Though I doubt he’ll land on the roof of the Hanoi embassy, US Treasury Secretary Hank Paulson’s arrival in Vietnam this week is symbolic. Vietnam – vacated in bitterness by Marine helicopters three decades ago – is the newest staging ground for western capitalism.
Paulson is set to arrive in the Vietnamese capital on Wednesday for two days of meetings involving finance ministers from the countries that constitute APEC, the Asia-Pacific Economic Cooperation forum.
APEC’s twenty-one member states include China, the US, Canada, Vietnam, Singapore, and Australia. Altogether, the club accounts for more than 33% of the world’s population, 50% of the world’s GDP, and about 41% of total world trade.
But the most urgent statistic to Paulson’s mind should be 70%. That’s how many of Uncle Sam’s top ten trading partners belong to APEC. And one of them – China – has found the best recipe to take advantage of the capitalist system’s monetary ingredient.
As China’s currency appreciates, possibly hitting 7 yuan to the dollar within one year (down from more than 8 yuan per USD one year ago), it is more apparent to those who live in the real world that the ever-increasing trade imbalance between the US and China is not Beijing’s doing alone. US free-trade bulls and a bargain-crazed populace have served to paint stateside exports into a corner.
Even the Chinese are bracing for a drop in competitiveness as the yuan (also known as renminbi, or "people’s currency") floats more freely against a basket of international currency. With slim profit margins in the textile industry, for example, a 3% rise in monetary value could erase the Middle Kingdom’s clear competitive advantage.
So where will the cheap labor fall?
New Fashions, Old Trends
I recently bought a pair of shoes from the trend-pushing college favorite Urban Outfitters apparel chain. The blue and red Adidas are called "Boston Marathon," named after the famous footrace whose trotting models have marked many transitions in athletic science and fashion alike.
I lifted up the tongue of the shoe that in its original phase would have been German-made, and to my surprise the sole was laid in Vietnam.
Then, I looked around the store at other items – almost all assembled in the land of Ho Chi Minh!
Coupled with massive international investments in Asian and other companies by Chinese businessmen and financiers, the trend is clear – China’s "workbench of the world" status is in jeopardy. And the Chinese are fine with that. After all, the surging middle class in coastal cities and even the country’s interior wants its bread to be buttered through intellectual property and real estate, not sweltering sewing houses.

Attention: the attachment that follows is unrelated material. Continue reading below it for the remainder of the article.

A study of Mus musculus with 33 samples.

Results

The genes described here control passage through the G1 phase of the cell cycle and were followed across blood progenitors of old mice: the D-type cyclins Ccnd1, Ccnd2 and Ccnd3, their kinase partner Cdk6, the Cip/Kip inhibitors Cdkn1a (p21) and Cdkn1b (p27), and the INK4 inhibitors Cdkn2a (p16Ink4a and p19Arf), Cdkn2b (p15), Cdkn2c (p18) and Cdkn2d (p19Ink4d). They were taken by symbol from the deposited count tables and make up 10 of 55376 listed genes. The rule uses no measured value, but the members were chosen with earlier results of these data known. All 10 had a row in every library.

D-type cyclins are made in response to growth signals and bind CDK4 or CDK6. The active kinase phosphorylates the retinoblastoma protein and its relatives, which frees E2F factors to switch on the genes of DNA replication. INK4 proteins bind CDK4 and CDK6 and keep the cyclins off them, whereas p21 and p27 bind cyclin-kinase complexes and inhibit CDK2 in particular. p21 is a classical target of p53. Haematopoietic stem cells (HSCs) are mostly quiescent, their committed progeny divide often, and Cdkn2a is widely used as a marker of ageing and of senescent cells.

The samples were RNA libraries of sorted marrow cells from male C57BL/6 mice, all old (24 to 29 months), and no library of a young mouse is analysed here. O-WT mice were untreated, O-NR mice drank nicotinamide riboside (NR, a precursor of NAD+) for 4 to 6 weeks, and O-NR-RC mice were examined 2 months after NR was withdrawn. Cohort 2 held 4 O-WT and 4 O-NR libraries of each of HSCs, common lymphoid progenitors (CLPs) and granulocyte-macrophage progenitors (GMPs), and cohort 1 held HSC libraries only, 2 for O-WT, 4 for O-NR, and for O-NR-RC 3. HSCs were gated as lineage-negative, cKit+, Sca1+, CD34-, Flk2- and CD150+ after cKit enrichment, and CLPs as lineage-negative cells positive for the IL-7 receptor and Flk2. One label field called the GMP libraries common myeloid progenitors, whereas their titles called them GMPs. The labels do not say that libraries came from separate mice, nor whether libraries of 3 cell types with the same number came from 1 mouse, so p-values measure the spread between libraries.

Foreign investment by Chinese companies rose by an astounding 123% in 2005, according to government figures released Tuesday. All the while China is still the top destination for foreign fund inflows.
As China struggles to keep its GDP growth in the single digits, raising the amount banks must keep in reserve and imposing restrictions to curb the overheating housing market, a favorite outlet is to pass the money downstream to regional countries where labor can serve as the basis for new, Chinese-style market systems.
After all, though western politicos often drop the "Communist" or "Red" tag from China’s name unless they are trying to make an ideological point, Mao’s face is still rather ubiquitous. As the Chairman graces Beijing banknotes, Ho Chi Minh smiles out from the Vietnamese dong, that country’s currency.
Industrial production is up 17% this year from the same period last year, meaning that more and more foreign lucre is being turned into dongs, and that money is churning within the Vietnamese economy in novel ways.
It’s not just sweatshops, either. Vietnam is engaged in an impressive strategy of foreign-domestic partnerships to learn the art of enterprise. The Vietnamese Bank for Foreign Trade has recently issued a debit card in cooperation with MTV Asia, to target youth saving clients.
It was recently announced that China is the world’s largest consumer of beer. If labor flows downstream from the Waking Dragon to the smaller emerging nations, so does the frothy brew.
Cadbury Schweppes, the beverage and treat powerhouse, is paired with Kinh Do to market its goods in the former French Indochina, and SAB Miller, the world’s biggest brewery, is allowing its hand to be guided by Vietnamese concern Vinamilk, in order to familiarize it with successful regional marketing approaches and tap increasing consumption all across Asia.
Marx Rolls in His Grave, Others Roll in Their Dough
On the official Web site of the Communist Party of Vietnam, one can read the tracts of the world’s great Red leaders – Marx, Lenin, Engels, Mao, and of course Ho Chi Minh himself.
One can also read the current Minister of Industry’s invitation to foreign and domestic companies to assist Vietnam in achieving 15% annual industrial growth for the next five years!
Minister Hoang Trung Hai has put the accent on oil and gas sector investment, saying some projects could allow 100% foreign involvement. The same goes for metallurgy, and heavy stakes will be given to outsiders in mining endeavors.
Meanwhile, Internet usage is growing rapidly. 17% of the population now use the Internet, up from just 7.69% at the end of 2004. International connection capacity has also been doubled, and education standards are growing at a remarkable rate.
Given the dual factors of industrial production and intellectual nourishment, Vietnam is well-equipped to show the world a new version of the Domino Theory in effect.